Latino Vote 2012: Ryan Addition To Ticket Does Not Change Romney's Character and Reputation Troubles With Hispanic Voters (POLL)

El aspirante presidencial republicano y ex gobernador de Massachusetts Mitt Romney habla durante un evento de campaña el lune
El aspirante presidencial republicano y ex gobernador de Massachusetts Mitt Romney habla durante un evento de campaña el lunes 20 de agosto de 2012, en Manchester, Nueva Hampshire. (AP foto/Evan Vucci)

While President Barack Obama’s persistently large Latino voter lead over Gov. Mitt Romney has become a campaign season theme, a new poll indicates that Romney’s problems with Latino voters run deep and are closely connected to questions of character and personality. Putting Paul Ryan on the ticket has not helped.

Nearly 65 percent of Latino voters polled in an NBC/Wall Street Journal/Telemundo survey released Wednesday said they plan to back Obama in November compared to about 30 percent who intend to vote for Romney.

Obama, who won the vast majority of Latino voters in 2008, has possessed a substantial lead with Hispanic voters since the Spring, when Romney emerged as the presumptive GOP nominee. Spanish-language ads questioning the way that Obama has managed the economy; others featuring Romney’s Spanish-language-fluent son Craig Romney, the senior Romney’s business experience and family life have not proven effective in pulling Latino voters into the Romney camp, polls indicate.

An outside group’s plans to air ads branding Obama, a president whose administration has deported more undocumented immigrants than any other in history, as the "Deporter-in-Chief" in swing states appear to have done little to reshape opinions of the President as thousands of young, undocumented immigrants lined up this month for the start of a deportation relief program created by the Obama team.

One of the reasons the ads may not be working: Latino voters don’t appear to like or trust Mitt Romney and think little, if anything, about Paul Ryan.

Among Latino registered voters surveyed in the most recent NBC News/Wall Street Journal/Telmundo poll, 64 percent said that they believe Obama to be a man who cares about average people, and 59 percent described him as knowledgeable and experienced enough to handle the presidency, down from 65 percent in July. Another 52 percent described Obama as a man with good economic ideas and 51 percent said he has executive or managerial skills.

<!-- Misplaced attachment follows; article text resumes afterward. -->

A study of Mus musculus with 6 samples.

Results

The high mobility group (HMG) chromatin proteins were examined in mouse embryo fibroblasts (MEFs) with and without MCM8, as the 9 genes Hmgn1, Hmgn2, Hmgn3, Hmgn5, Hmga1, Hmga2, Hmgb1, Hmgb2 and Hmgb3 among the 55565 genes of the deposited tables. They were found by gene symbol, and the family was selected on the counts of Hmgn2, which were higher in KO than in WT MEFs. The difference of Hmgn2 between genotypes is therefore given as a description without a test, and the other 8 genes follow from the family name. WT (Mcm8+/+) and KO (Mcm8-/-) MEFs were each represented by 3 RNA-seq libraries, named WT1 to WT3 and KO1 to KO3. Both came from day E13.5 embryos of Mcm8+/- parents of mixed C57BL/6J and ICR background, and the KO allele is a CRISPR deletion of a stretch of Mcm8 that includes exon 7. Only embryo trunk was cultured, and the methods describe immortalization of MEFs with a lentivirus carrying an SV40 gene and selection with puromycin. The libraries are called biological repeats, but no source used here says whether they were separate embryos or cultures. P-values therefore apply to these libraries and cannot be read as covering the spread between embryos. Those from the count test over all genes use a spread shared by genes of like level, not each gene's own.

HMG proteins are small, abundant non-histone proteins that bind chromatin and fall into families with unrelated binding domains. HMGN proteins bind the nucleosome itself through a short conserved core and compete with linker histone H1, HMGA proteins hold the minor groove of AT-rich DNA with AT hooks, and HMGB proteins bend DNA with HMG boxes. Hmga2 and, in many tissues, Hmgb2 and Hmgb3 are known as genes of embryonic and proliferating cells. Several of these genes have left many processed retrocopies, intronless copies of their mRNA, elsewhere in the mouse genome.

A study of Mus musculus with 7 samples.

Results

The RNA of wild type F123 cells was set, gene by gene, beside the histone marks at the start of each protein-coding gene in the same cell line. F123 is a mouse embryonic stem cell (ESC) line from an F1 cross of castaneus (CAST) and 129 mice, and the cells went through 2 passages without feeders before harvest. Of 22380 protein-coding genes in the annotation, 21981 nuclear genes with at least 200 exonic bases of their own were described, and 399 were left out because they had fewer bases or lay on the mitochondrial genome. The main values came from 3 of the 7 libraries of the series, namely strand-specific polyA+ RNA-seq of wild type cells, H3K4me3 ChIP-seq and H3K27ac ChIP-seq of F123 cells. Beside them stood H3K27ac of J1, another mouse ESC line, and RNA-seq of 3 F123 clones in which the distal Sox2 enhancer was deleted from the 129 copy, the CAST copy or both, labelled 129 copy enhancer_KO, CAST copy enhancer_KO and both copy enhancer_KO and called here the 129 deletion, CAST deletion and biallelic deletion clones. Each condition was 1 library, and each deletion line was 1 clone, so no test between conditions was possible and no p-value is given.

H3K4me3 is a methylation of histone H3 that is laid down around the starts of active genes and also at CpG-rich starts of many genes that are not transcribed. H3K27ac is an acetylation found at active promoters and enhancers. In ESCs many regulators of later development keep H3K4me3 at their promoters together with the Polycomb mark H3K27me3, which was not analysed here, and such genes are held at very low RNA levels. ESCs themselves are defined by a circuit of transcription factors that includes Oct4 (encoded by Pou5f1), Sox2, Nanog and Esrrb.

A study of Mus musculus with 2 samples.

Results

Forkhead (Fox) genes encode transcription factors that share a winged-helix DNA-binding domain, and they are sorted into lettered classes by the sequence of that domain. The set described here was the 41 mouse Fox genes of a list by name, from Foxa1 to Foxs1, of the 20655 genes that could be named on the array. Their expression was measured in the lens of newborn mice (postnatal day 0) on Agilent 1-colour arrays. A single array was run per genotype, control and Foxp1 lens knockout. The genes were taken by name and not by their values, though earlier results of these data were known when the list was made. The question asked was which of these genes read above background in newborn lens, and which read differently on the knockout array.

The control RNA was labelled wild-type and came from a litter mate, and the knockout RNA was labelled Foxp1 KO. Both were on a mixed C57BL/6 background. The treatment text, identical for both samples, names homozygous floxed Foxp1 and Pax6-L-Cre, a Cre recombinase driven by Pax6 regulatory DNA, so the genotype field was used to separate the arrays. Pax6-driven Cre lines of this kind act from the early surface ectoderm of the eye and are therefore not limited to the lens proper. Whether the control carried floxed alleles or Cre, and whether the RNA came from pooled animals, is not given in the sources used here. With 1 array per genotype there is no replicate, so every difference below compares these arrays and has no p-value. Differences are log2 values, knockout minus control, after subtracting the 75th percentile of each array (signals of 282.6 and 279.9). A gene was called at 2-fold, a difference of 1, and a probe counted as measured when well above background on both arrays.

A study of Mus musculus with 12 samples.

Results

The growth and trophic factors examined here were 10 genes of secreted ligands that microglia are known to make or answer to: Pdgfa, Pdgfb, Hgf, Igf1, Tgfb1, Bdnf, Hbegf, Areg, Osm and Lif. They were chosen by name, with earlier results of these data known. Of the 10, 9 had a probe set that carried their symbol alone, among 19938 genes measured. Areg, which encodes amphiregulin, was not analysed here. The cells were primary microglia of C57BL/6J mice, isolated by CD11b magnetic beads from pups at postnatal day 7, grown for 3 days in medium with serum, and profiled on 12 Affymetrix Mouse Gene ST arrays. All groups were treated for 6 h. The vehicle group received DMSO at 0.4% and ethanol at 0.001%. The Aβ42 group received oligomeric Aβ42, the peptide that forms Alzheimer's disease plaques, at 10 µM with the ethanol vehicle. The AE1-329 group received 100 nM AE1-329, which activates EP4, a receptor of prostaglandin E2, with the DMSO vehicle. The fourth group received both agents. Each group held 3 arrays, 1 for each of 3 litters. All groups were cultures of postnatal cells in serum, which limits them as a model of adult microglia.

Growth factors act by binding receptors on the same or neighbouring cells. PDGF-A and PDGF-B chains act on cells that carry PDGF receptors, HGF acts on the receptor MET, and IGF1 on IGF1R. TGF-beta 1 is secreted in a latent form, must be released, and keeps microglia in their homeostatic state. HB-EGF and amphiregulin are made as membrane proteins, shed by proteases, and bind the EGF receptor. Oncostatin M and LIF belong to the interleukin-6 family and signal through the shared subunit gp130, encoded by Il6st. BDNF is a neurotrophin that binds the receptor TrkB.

Latino voters saw Romney differently. Just 21 percent view him as a man who cares about average people and 26 percent described him as knowledgeable and experienced enough to handle the presidency. For Romney, the later figure was up from just 15 percent in July. Another 31 percent believe that Romney has good ideas that could improve the economy and 30 percent believe that Romney has executive or managerial skills.

Obama also topped Romney by large margins in voter measures of likability, transparency, honesty and being a person who consistently stands up for his beliefs as well as a man who can stay calm in crisis, according to the poll.

But for the Romney camp, the problems with Latino voters do not end there.

About 28 percent of Latino voters surveyed in the NBC/Wall Street Journal/Telemundo poll described themselves as less likely to vote for Romney now that he has made Ryan his running mate. Another 51 percent said the Ryan pick left their plans unchanged and 15 percent said that Ryan’s place on the Republican ticket made them more likely to vote for Romney.

Ryan, is best known as a staunch ideological advocate of cutting both taxes and spending. Such a combination would require steep cuts to nearly all domestic spending including entitlement programs such as Medicare and Medicaid, education, and most direct government efforts to stimulate the economy. The list runs the gamut of Latino voter priorities identified in other polls.

The poll, conducted between Aug. 16 and 20, was part of a larger survey of voters of various races and ethnicities. The Latino voter data was culled from the answers of 300 Latino registered voters and carries an error rate of plus or minus 5.66 percent. Nearly 20 percent of those polled identified as Republicans or Republican leaning Independents. Another 63 percent identified themselves as Democrats or left-leaning Independent voters.